Preview Politics in Australia

What are the three key issues of the 2019 Federal Election?

  • The economy

    Votes: 3 27.3%
  • Tax

    Votes: 3 27.3%
  • Government Services

    Votes: 2 18.2%
  • Climate policy

    Votes: 6 54.5%
  • Animal welfare

    Votes: 1 9.1%
  • Environment

    Votes: 3 27.3%
  • Wages

    Votes: 5 45.5%
  • Industrial democracy

    Votes: 0 0.0%
  • Superannuation

    Votes: 0 0.0%
  • Housing affordability

    Votes: 6 54.5%
  • Other

    Votes: 2 18.2%

  • Total voters
    11
  • Poll closed .

Robbo's my hero


Politics in this country is so predictable. Fun and games with none of the important issues being tackled.

 



 


Good morning Robbo,

Returning to Canberra in a nauseous fug of economic uncertainty, our elected representatives consoled themselves this week with an exciting round of "reds under the beds", in an episode tentatively entitled: "Is the Member for Chisholm a Chinese sleeper agent?"

Fair to say that it was an accusation Gladys Liu herself did not quite hit to the boundary with her initial response, being: "I can't recall."

Having eventually acknowledged that she had indeed been a member of a Chinese Communist foreign influence organisation, Ms Liu then insisted that her primary loyalty was to Australia, convincing the PM to the extent that he was happy to be photographed with her in Parliament — a degree of selfie-confidence not shared by his predecessor Malcolm Turnbull , as ABC political editor Andrew Probyn revealed midweek.

The thing is, anyone in Canberra throwing a China-related punch today needs to check the backswing first lest an ally be collected in the exercise.

It's easy to find MPs who have accepted Rolexes from Chinese noodle billionaires from a plastic bag, or travelled to China to promote a business while on leave from their ministerial portfolios (OK, so both of these were on-again, off-again minister and home-internet whiz Stuart Robert) or of course have actually had to resign in a Chinese pickle, like Sam Dastyari.

This might account for the note of caution in the voice of shadow agriculture minister Joel Fitzgibbon (who as Kevin Rudd's defence minister had his own controversy 10 years ago with another Mrs Liu entirely) when asked by RN Breakfast presenter Hamish Macdonald whether he believed Gladys Liu's "I don't recall" line was acceptable. "Well, it's not a defence I'd be running, Hamish," Mr Fitzgibbon replied.

The silence of the Lambies

The week has also delivered an extraordinary insight into the strategic mind of Senate power-fox Jacqui Lambie, who wields an inordinate amount of power to make or break the fresh new legislation of the rejuvenated Morrison Government, which this week has involved a series of gently reheated plans to drug-test welfare recipients, direct the spending of welfare recipients, and embarrass the Labor Party over John Setka.

Brilliantly, Senator Lambie managed to address several of these matterssimultaneously in a fusillade of interviews disclosing that she would back the drug testing of welfare recipients if politicians also were drug tested, and that she had recently tried to convince Mr Setka to quit by cooking him a roast lamb and feeding him "coke and cream and everything else".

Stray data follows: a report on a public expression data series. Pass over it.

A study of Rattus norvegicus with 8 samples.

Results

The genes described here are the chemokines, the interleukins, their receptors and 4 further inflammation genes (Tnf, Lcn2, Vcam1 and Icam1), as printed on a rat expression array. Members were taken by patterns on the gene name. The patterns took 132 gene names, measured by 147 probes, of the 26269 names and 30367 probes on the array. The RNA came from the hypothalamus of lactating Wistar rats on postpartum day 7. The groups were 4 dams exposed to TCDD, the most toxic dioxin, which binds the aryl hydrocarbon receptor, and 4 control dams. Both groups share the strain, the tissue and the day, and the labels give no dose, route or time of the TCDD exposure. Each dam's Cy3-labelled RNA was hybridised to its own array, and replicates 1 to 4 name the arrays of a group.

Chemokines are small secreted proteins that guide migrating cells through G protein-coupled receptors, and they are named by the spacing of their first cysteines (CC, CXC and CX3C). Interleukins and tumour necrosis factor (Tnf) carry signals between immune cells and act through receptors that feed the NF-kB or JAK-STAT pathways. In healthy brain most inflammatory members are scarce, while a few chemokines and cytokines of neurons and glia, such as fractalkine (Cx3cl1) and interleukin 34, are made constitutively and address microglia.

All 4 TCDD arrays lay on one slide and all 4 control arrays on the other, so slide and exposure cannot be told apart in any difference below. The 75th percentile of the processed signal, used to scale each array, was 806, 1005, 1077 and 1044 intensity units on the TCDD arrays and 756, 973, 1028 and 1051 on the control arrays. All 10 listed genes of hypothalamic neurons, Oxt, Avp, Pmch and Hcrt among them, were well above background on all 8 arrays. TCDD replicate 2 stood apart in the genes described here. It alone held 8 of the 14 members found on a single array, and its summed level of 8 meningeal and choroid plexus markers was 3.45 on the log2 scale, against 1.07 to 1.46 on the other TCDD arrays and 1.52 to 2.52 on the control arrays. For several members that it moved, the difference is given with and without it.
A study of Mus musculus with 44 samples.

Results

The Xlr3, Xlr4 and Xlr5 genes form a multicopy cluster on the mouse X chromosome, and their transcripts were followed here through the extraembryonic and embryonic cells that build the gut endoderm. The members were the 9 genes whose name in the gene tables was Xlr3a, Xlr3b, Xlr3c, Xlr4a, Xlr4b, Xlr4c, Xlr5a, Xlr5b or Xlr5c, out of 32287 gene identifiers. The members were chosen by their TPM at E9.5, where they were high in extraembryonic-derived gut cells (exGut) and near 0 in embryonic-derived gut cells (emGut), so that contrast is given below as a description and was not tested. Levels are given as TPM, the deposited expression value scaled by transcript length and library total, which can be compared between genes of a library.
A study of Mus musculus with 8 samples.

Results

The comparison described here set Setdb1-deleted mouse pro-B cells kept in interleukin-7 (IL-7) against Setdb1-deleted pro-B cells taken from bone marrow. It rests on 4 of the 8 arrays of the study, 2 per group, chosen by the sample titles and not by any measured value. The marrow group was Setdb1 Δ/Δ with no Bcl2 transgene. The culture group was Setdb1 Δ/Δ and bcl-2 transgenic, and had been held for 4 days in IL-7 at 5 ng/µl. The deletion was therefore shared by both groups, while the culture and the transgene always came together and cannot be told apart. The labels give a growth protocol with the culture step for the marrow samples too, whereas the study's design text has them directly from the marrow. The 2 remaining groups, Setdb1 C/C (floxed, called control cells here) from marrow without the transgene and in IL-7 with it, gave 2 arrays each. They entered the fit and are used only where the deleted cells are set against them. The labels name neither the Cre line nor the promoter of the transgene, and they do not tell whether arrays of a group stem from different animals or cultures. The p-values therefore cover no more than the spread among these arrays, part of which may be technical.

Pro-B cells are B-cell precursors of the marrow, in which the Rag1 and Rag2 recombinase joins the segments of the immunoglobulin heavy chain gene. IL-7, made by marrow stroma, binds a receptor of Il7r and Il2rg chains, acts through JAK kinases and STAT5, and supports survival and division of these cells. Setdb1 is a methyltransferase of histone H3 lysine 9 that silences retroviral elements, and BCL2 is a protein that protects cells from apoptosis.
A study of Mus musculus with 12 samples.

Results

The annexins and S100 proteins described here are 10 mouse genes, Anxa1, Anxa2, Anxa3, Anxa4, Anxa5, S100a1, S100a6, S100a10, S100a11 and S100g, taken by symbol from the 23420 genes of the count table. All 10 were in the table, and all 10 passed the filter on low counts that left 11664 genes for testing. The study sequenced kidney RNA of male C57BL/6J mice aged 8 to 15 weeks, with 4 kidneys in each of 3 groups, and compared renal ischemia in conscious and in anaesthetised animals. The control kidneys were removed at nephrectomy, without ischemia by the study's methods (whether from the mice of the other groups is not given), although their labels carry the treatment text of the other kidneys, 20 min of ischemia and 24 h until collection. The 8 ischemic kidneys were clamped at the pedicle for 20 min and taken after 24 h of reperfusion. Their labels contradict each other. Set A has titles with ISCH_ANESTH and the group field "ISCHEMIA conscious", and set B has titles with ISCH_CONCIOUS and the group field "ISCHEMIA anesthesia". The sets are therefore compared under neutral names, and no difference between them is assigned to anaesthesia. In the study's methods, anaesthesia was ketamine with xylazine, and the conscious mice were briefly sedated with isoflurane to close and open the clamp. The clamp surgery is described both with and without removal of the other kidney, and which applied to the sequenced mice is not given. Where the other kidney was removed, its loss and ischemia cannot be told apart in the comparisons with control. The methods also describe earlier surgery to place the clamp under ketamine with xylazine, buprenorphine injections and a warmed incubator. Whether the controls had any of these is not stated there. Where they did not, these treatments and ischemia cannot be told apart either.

Perhaps unsurprisingly, the senator cooled on the drug tests by COB Monday, when she spoke to RN's Patricia Karvelas.

Here's the detail on the cashless welfare card expansion, in case you were thinking of blowing your Newstart on a stolen Maserati. And in answer to your unspoken question, yes: Barnaby Joyce is happy to be drug tested and also happy for farmers to have cashless welfare cards.

That's more or less it for this week. Hope you survived it OK.
 

Robbo's my hero


This time it’s the British PM misleading the Queen. In 1975? You can work out the rest...

 


 


Excerpt from article in today’s Age.



“New Victorian senator Sarah Henderson says she will hand back part of the six-figure, taxpayer-funded payout she received after losing her lower house seat in federal parliament in May. Senator Henderson, who narrowly lost the Victorian seat of Corangamite to Labor candidate Libby Coker at the federal election, was eligible for a payout of up to $100,000 as a two-term MP. But after being sworn in on Thursday as the Liberal's Senate replacement for former communications minister Mitch Fifield, she said her decision to keep only a "pro rata" amount was "in line with community expectations".

Prime Minister Scott Morrison recently defended the right of MPs who lost their seats at the last election to be eligible for a total of $1.3 million in cash payouts, saying they were similar to redundancies workers in the private sector received.”
 



Of course countries around the world work the margins (some just get right into the ‘thick of it’) and influence in this way. China is flavour of the month but you could mount an argument for the US and Russia as well.

I’m reminded of my own familial background and how Mussolini spread fascism throughout the world. Italians had taken off in all directions in the late 19th and early 20th centuries. The US was popular but so was Australia. Argentina as well.

As far as Benito was concerned no matter how tenuous the link all Italians were Italian first and must be loyal to the fatherland.

How did he do this?

A very popular way was to infiltrate cultural organisations and spread the word. One society which resonated was the Dante Society. Language is culture and vice versa. The Dante Society still operates in Lygon Street today.

So sometimes there are more important issues than simply the money.